BHS collapses into administration with 11,000 jobs under threatComments Off on BHS collapses into administration with 11,000 jobs under threat
The BHS department store chain collapsed into administration today in the biggest high street failure since Woolworths in 2008.
Hundreds of London jobs at 13 stores and its Marylebone Road head office are at risk, while across the country as many as 11,000 jobs at 164 stores are under threat.
There are also fears for the retirement incomes of more than 20,000 workers in the BHS pension fund, which has a deficit of £571 million.
The chain’s previous owner, billionaire Sir Philip Green, was today facing growing calls to increase his reported offer to contribute £80 million towards the fund.
Pension consultant John Ralfe told BBC radio this morning that Sir Philip’s offer “just doesn’t touch the sides” in terms of plugging the shortfall. Sir Philip, who runs the Arcadia chain, sold BHS for £1 last year to a group of investors called Retail Acquisitions.
Retail Acquisitions owner Dominic Chappell said: “No one is to blame. It was a combination of bad trading and not being able to raise enough money from the property portfolio.
“In the end, we just couldn’t reach an agreement with Arcadia over pensions.”
Meanwhile shoppers were urged to spend any unused BHS gift vouchers before they become worthless.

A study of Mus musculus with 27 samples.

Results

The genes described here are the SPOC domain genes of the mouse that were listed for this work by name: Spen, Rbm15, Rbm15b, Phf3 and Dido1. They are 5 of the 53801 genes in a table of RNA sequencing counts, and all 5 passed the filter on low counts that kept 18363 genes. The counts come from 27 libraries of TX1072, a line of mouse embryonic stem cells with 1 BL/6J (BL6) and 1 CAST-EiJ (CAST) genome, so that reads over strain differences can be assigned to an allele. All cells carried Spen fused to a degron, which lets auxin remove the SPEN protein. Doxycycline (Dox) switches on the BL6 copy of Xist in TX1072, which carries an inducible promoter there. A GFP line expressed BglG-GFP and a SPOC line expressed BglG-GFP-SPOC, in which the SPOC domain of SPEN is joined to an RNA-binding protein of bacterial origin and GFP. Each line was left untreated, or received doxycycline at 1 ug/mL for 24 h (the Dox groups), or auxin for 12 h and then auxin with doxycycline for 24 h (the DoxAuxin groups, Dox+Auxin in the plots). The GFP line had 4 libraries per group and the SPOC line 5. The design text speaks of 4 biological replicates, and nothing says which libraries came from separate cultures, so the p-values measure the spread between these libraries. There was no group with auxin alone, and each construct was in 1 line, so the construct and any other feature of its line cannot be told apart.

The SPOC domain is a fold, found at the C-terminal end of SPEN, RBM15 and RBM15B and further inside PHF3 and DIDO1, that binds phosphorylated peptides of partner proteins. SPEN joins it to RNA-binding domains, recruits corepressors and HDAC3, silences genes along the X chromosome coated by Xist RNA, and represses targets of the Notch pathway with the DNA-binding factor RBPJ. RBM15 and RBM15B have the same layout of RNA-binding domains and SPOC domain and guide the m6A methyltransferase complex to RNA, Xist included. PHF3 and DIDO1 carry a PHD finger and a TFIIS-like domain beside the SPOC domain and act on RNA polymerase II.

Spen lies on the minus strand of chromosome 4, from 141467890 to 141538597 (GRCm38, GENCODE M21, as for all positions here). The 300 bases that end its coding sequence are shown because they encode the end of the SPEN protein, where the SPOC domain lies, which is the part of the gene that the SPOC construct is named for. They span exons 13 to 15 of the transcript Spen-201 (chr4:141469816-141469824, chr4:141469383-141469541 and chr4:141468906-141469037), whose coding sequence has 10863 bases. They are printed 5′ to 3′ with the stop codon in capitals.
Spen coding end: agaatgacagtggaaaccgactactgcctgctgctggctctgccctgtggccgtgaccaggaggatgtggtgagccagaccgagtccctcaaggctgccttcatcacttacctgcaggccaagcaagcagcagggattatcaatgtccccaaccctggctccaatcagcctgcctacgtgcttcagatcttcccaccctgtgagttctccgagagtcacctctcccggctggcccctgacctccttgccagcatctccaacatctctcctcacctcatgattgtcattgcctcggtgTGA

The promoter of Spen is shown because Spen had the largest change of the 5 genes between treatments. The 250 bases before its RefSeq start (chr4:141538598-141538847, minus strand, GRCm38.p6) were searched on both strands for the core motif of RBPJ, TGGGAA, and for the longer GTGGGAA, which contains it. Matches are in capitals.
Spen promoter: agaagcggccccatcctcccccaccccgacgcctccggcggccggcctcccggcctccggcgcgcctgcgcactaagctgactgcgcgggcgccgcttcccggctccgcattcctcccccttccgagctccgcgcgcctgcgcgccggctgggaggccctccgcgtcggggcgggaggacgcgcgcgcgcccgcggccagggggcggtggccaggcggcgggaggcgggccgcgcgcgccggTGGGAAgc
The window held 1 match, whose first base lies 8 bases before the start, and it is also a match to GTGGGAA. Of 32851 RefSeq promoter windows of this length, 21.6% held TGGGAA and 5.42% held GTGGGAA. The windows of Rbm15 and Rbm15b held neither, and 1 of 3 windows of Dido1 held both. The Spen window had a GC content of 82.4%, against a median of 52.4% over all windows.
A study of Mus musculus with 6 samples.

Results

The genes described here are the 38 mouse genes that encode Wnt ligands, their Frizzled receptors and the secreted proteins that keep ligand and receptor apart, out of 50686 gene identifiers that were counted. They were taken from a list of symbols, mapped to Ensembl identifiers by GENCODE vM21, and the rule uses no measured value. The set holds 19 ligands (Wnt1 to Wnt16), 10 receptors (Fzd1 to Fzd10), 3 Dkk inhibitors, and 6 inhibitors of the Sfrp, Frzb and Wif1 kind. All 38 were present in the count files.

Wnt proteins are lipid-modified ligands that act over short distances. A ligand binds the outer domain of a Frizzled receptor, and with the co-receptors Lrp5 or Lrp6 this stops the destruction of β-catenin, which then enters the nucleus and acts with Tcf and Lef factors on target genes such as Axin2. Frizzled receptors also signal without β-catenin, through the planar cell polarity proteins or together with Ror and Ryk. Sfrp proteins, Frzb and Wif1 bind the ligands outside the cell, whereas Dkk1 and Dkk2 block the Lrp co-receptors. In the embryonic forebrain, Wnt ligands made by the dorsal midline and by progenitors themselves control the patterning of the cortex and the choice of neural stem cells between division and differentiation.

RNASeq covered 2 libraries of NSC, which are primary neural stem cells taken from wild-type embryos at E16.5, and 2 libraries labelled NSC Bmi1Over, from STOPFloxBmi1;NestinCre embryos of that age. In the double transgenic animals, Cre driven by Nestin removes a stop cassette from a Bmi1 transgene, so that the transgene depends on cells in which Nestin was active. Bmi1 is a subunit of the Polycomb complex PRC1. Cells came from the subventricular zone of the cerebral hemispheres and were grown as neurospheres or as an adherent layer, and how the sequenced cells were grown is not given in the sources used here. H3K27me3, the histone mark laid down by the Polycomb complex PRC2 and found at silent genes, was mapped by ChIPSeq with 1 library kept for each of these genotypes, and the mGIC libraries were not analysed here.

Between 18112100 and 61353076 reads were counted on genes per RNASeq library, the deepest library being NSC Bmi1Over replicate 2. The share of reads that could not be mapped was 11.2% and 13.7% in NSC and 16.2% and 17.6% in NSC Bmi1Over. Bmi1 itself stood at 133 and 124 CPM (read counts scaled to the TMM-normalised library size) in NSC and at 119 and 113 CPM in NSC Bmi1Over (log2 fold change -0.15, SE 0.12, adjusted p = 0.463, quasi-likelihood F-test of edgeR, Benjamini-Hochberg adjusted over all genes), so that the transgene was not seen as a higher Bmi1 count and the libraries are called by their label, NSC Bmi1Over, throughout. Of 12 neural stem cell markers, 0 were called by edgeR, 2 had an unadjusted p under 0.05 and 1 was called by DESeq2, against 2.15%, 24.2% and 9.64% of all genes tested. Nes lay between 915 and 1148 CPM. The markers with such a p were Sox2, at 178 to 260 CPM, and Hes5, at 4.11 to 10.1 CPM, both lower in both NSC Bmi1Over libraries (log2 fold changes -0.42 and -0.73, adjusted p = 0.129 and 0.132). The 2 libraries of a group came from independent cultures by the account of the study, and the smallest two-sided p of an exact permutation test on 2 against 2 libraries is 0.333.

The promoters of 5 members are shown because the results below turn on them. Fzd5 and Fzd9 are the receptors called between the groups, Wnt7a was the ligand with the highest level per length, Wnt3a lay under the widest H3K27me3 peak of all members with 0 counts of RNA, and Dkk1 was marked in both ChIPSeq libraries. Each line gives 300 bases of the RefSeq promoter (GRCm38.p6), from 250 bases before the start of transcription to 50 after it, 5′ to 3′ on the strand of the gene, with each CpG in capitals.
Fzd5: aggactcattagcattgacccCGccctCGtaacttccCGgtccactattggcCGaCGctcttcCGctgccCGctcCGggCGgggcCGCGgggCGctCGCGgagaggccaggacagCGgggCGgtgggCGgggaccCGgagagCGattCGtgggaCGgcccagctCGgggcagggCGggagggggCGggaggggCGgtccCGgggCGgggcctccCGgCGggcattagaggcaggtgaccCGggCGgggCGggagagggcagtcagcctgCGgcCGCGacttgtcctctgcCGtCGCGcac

Alex Neill, Which? Director of Campaigns, said: “Consumers need to be aware of their rights when a high street retailer goes into administration, particularly regarding gift vouchers. Our advice to anyone with a BHS voucher is to spend it as quickly as possible.”
The administration comes after the 88-year-old company’s owners failed to find £60 million in emergency funding needed to pay wages and rent, after last-ditch talks over the weekend.
BHS, originally known as British Home Stores, was formed in Brixton in 1928 as a home-grown alternative to the then American-owned Woolworths, with the promise of selling nothing priced at more than a shilling.
But it lost its way in recent years, losing a combined £400 million since 2009 and building up debts of £1.3 billion.
Retail consultant Phil Dorrell said: “We might love the BHS brand but when was the last time you shopped in a store? Lose sight of your customer and you lose sight of your business.”
He added: “There won’t be a retailer to buy BHS wholesale. Expect a piecemeal sale of specific sites in strategic locations to John Lewis possibly or Sports Direct or Next.”